In fact, it’s not overstating the case to say that making a true commitment to achieving an important goal is the single most important step towards achieving change.

How does one make a true commitment? One way is to set up a structure that will provide continuous motivation to achieve the goal. At Yale University, economist Dean Karlan has established a Web site ( that allows users to enter into a “Commitment Contract” whereby they risk a defined amount of money that will be paid to either a charity, an “anti-charity” (meaning an organization whose values and/or goals are inconsistent with your own), or to a personal “foe” (someone you dislike) if you fail to achieve your goal in the timeframe you provide. The Web site already has 30,000 registered users.

However, another study in the American Economic Review found that paying for a gym membership does not constitute a true commitment, because the upfront fee is a sunk cost, and the decision to not to the gym doesn’t have a financial cost. This is why most new gym members go fairly regularly for one or two months, and then stop attending.

A third study by Dr. Kevin Volpp of the University of Pennsylvania School of Medicine published in JAMA (the Journal of the American Medical Association), found that not only would subjects lose more weight when being paid (vs. subjects who were not being paid for weight loss), but that – among the subjects who were provided with a financial incentive to lose weight – those who risked losing their own money as a result of not achieving weight loss goals lost more weight than subjects who stood to simply gain money from weight loss.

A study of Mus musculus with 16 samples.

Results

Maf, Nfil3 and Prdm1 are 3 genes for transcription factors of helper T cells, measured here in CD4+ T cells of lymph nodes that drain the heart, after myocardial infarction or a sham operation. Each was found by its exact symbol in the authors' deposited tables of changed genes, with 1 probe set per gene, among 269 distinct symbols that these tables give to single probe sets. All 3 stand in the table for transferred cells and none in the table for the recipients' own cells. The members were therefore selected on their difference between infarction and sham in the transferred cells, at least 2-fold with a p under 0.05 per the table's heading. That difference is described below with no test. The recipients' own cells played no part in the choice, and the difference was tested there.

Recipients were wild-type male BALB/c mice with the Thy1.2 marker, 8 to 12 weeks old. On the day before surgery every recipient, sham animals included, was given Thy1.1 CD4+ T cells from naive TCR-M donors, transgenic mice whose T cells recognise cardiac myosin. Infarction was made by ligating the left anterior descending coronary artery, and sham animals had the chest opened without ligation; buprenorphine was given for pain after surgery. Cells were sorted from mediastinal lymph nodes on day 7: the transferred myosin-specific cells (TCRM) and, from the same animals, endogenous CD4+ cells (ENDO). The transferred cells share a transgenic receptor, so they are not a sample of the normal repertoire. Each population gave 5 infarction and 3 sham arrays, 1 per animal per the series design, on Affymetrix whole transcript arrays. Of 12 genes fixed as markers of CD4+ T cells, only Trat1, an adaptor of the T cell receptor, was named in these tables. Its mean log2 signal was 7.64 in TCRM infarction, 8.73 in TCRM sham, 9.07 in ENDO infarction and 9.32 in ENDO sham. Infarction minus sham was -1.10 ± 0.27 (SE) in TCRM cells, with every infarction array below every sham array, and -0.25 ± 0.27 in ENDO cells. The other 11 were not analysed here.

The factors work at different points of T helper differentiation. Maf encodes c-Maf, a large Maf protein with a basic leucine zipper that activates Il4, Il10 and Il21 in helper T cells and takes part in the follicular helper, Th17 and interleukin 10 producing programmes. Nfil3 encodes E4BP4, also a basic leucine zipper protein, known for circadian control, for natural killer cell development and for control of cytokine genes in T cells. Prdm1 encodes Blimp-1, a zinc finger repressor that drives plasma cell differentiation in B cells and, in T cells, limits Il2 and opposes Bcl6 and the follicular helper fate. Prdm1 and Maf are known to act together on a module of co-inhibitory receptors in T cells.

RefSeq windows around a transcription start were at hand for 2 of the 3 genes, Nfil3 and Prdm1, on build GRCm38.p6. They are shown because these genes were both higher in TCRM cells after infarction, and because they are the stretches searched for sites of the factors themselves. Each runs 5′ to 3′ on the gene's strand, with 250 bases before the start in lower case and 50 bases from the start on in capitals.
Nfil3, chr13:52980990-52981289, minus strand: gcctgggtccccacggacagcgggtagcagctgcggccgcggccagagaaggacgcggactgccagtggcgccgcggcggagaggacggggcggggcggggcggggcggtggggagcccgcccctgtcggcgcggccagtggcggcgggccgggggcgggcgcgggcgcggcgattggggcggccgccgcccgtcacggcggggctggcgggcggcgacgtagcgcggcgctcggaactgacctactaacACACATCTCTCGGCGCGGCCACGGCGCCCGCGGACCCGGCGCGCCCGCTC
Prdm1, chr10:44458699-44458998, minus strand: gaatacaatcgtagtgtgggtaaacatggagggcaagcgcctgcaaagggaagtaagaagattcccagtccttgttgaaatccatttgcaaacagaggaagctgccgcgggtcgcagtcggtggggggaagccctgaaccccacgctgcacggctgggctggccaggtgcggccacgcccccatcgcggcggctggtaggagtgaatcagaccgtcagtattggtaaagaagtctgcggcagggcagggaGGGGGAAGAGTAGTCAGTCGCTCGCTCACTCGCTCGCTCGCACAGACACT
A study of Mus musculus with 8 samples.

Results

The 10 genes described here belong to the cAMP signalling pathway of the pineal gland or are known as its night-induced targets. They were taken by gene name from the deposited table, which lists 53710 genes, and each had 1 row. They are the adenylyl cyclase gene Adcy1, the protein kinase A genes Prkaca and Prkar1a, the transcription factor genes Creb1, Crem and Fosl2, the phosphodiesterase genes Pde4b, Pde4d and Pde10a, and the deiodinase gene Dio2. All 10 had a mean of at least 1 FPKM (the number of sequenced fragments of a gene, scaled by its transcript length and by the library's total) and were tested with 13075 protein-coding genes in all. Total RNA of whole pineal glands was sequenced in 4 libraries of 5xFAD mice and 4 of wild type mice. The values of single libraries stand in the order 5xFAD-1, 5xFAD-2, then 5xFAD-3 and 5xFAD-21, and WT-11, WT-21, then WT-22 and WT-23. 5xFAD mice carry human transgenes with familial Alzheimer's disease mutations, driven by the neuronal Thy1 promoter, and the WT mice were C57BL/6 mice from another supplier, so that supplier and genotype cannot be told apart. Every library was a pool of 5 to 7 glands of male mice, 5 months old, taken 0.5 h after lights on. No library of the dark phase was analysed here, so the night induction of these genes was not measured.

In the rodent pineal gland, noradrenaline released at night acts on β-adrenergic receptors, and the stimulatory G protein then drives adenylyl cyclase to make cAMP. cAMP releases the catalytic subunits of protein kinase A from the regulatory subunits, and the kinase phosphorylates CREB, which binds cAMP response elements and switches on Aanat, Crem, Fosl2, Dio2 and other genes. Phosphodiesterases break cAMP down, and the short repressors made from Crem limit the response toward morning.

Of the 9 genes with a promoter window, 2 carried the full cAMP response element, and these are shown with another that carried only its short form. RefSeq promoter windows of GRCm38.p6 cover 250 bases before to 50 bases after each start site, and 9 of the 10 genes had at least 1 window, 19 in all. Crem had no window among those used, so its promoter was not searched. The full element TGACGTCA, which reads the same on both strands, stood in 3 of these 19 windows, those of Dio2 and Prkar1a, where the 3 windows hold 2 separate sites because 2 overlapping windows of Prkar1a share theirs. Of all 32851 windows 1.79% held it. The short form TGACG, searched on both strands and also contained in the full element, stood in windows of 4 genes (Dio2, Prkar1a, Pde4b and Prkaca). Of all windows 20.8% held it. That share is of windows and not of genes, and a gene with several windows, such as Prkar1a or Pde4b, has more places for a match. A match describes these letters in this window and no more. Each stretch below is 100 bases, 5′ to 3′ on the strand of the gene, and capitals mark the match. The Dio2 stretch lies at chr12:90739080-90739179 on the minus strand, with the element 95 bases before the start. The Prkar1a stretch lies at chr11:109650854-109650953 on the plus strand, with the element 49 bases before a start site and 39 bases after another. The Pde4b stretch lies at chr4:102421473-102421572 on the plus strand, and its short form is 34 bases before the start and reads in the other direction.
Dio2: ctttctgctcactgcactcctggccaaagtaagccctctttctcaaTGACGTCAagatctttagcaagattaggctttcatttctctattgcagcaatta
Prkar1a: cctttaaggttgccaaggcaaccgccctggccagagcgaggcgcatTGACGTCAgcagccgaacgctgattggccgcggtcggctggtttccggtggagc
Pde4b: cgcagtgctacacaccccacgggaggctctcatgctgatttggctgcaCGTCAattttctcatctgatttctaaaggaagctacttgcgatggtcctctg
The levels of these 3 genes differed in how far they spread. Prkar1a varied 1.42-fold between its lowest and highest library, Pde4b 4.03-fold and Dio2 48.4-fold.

The principle in all cases is loss aversion, a well-documented trait that seems universal across cultures and demographics. Loss aversion means we are more likely to follow a correct (i.e., healthy) course of action to avoid losing something we already have, than we are in order to gain some new benefit.

This type of thinking is behind an innovative new policy being proposed by the Governor of New York State. Facing a budget shortfall, Governor David Patterson has proposed making up some of the gap with a new 18% tax on non-diet sugary beverages, including soft drinks and other non-nutritional drinks. Behavioral economists believe that such a tax could help reduce consumption of calorie-dense beverages, and perhaps make a dent in the obesity epidemic. Simply put, people are less likely to make unhealthful decisions if the cost of making such decisions is higher.

However, as we know, making the commitment to such a tax or structure is likely the hardest part. Media organizations have already labeled the proposal the “obesity tax” and polls reveal a clear majority of New Yorkers opposed to making this commitment.

Of course, obesity is such a complex challenge involving biology, the environment, and behavior, that making a single change like this isn’t likely to make a significant difference. Even getting paid for weight loss (or better, risking your own money) may change behavior temporarily, but likely not permanently. For example, the JAMA study reported only modest weight losses for the obese subjects (13-14 lbs. over a 4 month period for subjects), and there was no follow-up study to demonstrate that the weight loss was sustained. On a similar note, we are not aware of any follow-up studies involving participants on The Biggest Loser television program.

As we know from the research, only a comprehensive weight management program designed and run by professionals to effect lifestyle change is likely to make a permanent difference in your or your child’s life. So if you’re looking to make a true commitment to weight loss and health this New Year, take a look at a Wellspring Camp, Academy or Retreat. Enrolling in a Wellspring program is a true commitment that will help you achieve your goal.